Bangkok Chef is busy, busy, busy.
I pass the Nuuanu eatery almost daily now on my way to visit my mom, and the place is filled to the gills. Parking is so tight, more often than not I can't get my cherished chicken curry, so unique among curries because of that perfect blend of coconut milk, curry paste and basil. When parking at Bangkok Chef is impossible and their curry is inaccessible, that is a major letdown. Somehow, life goes on.
There was a time when Mr. Baseball, a.k.a. Greg Hornet, and Al and I would hit Keo's on King Street, next to the old Police Station, for curry, sticky rice and those awesome tapioca-banana-coconut milk desserts. Their curry ranged in heat from mild to medium to hot. I always got the mild. Hornet got the medium. Al, being the proud Korean that he was, always wanted hot. Then he'd pile on more chili sauce when the food arrived.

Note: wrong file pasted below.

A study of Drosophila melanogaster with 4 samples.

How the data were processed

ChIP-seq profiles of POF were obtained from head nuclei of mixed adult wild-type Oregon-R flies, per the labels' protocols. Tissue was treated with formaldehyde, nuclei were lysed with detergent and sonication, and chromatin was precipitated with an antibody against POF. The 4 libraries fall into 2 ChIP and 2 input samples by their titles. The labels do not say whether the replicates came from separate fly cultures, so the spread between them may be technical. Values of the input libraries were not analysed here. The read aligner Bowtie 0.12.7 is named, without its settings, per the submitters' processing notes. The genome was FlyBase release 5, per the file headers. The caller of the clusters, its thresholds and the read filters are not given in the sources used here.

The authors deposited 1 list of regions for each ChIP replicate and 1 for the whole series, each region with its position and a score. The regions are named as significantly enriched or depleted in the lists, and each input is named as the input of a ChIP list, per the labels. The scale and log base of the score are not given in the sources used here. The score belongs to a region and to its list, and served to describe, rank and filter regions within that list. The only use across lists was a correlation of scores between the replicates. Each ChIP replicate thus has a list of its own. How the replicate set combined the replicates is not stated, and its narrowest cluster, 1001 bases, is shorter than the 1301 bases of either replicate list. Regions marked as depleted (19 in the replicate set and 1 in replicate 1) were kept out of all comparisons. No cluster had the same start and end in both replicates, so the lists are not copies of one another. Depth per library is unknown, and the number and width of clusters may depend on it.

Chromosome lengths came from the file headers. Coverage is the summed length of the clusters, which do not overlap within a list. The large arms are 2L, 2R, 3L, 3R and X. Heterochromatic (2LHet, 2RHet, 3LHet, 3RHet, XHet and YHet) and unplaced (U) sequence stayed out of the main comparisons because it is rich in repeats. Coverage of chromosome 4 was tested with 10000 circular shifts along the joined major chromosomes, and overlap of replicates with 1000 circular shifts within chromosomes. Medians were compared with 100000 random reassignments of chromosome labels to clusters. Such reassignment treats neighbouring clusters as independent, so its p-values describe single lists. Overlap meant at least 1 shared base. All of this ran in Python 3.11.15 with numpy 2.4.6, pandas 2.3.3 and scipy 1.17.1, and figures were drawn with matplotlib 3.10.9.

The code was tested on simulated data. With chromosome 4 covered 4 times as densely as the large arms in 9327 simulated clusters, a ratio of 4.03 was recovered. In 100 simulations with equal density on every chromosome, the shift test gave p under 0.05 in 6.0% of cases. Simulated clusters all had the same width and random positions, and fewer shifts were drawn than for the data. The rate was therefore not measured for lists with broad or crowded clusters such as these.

Al has been missing from our old circle for years now. Nobody knows where he is, or will admit to it, at least. Maybe he's in trouble. Maybe he likes going off into the great unknown. But having Thai curry tonight -- from Bangkok Chef (there was a single, sparse parking spot open) -- even three hours old and cold, brings back those old memories of tanking Heineken beers (circa 1988) with that spicy curry. It was the first time I ever liked Heineken, which is normally bitter, but makes for the best complement to Thai curry.
Here's hoping that one day old Al will have Thai curry with Mr. Baseball and I again. For now, solitude and Bass Ale -- instead of Heineken -- will have to do.